School has lowest performance scores in parish
More than 100 children who should attend Luling Elementary are going to school elsewhere after being granted waivers by the St. Charles Parish school district.
While 101 children were granted waivers from Luling Elementary, R.K. Smith Middle School had the second highest number of waivers with 46 granted, which makes up just over 12 percent of the student body.
Both schools have the highest number of minority students in attendance and the lowest performance scores for their student populations in the district.
Jerry Smith, director of Child Welfare and Attendance, said most waivers are granted for students who have childcare needs outside of their attendance zone.
“If someone submits an application and they meet the criteria for childcare that means they have childcare in the district of the school that is outside of where they live and that’s where they want their child to go to school. We grant the waivers based on them meeting the criteria for childcare,” Smith said.
Smith also said the children of school employees are allowed access to waivers.
Out of 217 requested waivers district wide, only five were not granted.
About 63 percent of the waivers were requested by those who had childcare needs outside of their child’s attendance zone. The other 37 percent of waivers were requested by employees.
Of the elementary students that were granted waivers, most transferred to Lakewood Elementary, which has the highest performance scores in the district. A majority of the middle school waiver students now attend J.B. Martin, which has the highest performance scores and lowest minority population amongst middle schools.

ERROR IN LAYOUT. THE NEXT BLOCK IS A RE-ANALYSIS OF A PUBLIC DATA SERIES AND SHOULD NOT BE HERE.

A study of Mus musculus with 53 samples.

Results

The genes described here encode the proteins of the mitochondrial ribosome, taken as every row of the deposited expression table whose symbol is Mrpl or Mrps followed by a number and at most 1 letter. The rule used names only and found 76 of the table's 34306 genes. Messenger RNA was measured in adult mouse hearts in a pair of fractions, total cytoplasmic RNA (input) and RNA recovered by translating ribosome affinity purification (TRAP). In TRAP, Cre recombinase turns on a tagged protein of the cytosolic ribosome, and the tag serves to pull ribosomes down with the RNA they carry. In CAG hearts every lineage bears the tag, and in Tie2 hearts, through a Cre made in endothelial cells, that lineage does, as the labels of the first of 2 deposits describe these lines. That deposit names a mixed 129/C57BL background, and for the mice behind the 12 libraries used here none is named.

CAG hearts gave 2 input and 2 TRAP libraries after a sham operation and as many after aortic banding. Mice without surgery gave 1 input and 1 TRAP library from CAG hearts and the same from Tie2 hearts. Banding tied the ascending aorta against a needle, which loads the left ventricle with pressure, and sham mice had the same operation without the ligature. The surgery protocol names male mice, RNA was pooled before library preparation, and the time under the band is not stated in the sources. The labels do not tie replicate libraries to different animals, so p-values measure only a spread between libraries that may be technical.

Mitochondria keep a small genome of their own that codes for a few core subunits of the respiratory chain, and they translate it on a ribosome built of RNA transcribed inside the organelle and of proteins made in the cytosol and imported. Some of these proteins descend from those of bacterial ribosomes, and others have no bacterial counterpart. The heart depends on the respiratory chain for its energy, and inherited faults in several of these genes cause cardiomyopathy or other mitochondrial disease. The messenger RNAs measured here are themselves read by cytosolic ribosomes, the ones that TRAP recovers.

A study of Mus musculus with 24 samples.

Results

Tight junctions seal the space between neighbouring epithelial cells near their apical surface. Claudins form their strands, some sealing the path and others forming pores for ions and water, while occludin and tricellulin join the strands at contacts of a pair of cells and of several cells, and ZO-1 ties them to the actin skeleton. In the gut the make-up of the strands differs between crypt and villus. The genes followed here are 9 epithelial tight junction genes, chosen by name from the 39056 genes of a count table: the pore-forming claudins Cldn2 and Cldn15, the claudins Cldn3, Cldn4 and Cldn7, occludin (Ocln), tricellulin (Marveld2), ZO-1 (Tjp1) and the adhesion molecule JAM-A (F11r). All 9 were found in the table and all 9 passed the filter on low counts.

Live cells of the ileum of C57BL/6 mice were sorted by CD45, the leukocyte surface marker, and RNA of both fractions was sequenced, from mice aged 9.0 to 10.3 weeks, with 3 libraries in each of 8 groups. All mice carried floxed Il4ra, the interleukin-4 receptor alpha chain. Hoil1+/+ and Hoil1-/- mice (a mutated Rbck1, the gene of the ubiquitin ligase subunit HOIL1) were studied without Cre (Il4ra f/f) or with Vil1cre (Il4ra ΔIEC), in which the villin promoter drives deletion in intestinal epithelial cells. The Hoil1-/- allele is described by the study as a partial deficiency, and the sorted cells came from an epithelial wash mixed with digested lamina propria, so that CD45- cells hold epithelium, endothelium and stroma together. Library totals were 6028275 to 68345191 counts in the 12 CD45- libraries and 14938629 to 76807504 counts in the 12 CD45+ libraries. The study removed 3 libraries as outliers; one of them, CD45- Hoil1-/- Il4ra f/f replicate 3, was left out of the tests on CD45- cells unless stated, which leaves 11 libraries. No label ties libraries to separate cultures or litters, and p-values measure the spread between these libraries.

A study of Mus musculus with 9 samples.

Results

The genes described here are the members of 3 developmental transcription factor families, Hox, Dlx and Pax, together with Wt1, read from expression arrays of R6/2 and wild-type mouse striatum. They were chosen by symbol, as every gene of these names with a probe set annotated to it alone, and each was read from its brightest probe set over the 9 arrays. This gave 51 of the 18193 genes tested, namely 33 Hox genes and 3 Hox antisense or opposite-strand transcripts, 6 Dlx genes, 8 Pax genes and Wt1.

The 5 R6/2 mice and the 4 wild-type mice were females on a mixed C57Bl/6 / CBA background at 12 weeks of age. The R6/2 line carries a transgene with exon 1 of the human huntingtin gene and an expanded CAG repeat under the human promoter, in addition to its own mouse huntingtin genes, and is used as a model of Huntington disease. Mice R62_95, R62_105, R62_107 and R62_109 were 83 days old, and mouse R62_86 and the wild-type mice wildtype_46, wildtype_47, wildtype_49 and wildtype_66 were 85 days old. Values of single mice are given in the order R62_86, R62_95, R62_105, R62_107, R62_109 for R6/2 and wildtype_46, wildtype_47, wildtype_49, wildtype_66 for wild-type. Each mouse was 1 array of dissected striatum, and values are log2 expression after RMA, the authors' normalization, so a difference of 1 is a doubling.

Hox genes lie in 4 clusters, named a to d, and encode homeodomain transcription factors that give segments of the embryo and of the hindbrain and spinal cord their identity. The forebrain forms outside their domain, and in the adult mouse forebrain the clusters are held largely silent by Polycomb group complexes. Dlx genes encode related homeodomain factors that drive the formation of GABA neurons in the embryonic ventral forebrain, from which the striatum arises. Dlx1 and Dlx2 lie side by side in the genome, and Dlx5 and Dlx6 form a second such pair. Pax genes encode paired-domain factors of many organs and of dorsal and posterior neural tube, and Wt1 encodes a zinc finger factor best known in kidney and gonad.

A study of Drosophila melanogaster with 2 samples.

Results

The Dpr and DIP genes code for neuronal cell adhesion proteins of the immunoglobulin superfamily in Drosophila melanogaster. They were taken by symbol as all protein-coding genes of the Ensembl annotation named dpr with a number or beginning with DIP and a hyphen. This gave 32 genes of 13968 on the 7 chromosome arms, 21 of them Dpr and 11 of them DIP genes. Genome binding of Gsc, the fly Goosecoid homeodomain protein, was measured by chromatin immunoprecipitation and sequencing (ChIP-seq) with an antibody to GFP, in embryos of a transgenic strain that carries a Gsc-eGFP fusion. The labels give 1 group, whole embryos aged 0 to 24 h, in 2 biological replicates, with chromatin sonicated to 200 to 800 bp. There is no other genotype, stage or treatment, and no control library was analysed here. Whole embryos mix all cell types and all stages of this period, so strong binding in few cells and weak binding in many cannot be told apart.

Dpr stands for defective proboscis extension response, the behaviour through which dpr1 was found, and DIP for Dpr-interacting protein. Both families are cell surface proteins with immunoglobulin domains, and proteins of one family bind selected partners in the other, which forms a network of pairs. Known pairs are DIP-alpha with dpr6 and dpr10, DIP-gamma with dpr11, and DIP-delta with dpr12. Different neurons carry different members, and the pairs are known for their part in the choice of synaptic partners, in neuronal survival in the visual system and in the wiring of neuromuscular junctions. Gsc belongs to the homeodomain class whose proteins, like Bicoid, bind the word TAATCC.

In 2010, 70 percent of the students who were seeking the waivers were white. The ethnicity of those seeking waivers this year was not provided by the school district despite a request by the Herald-Guide.
Ellis Alexander, the School Board member whose district encompasses both Luling Elementary and R.K. Smith Middle School, said although those schools have high minority populations it is not a matter of purposeful segregation.
“The kid is going to go to the closest school. We’re not going to send kids from Killona to Lakewood because Luling is closer. We’re not going to assign kids who live in Luling to go to Lakewood because Luling is closest,” Alexander said. “I don’t see where there is a problem with the attendance zones. It is just the makeup of the communities that is nearest to the school.”
He also said he was unsure why so many waivers were requested at the two schools.
“I would suggest you question the parents as to why they requested the waivers,” Alexander said. “All I would expect is that the parent is doing what is best for them and their child.”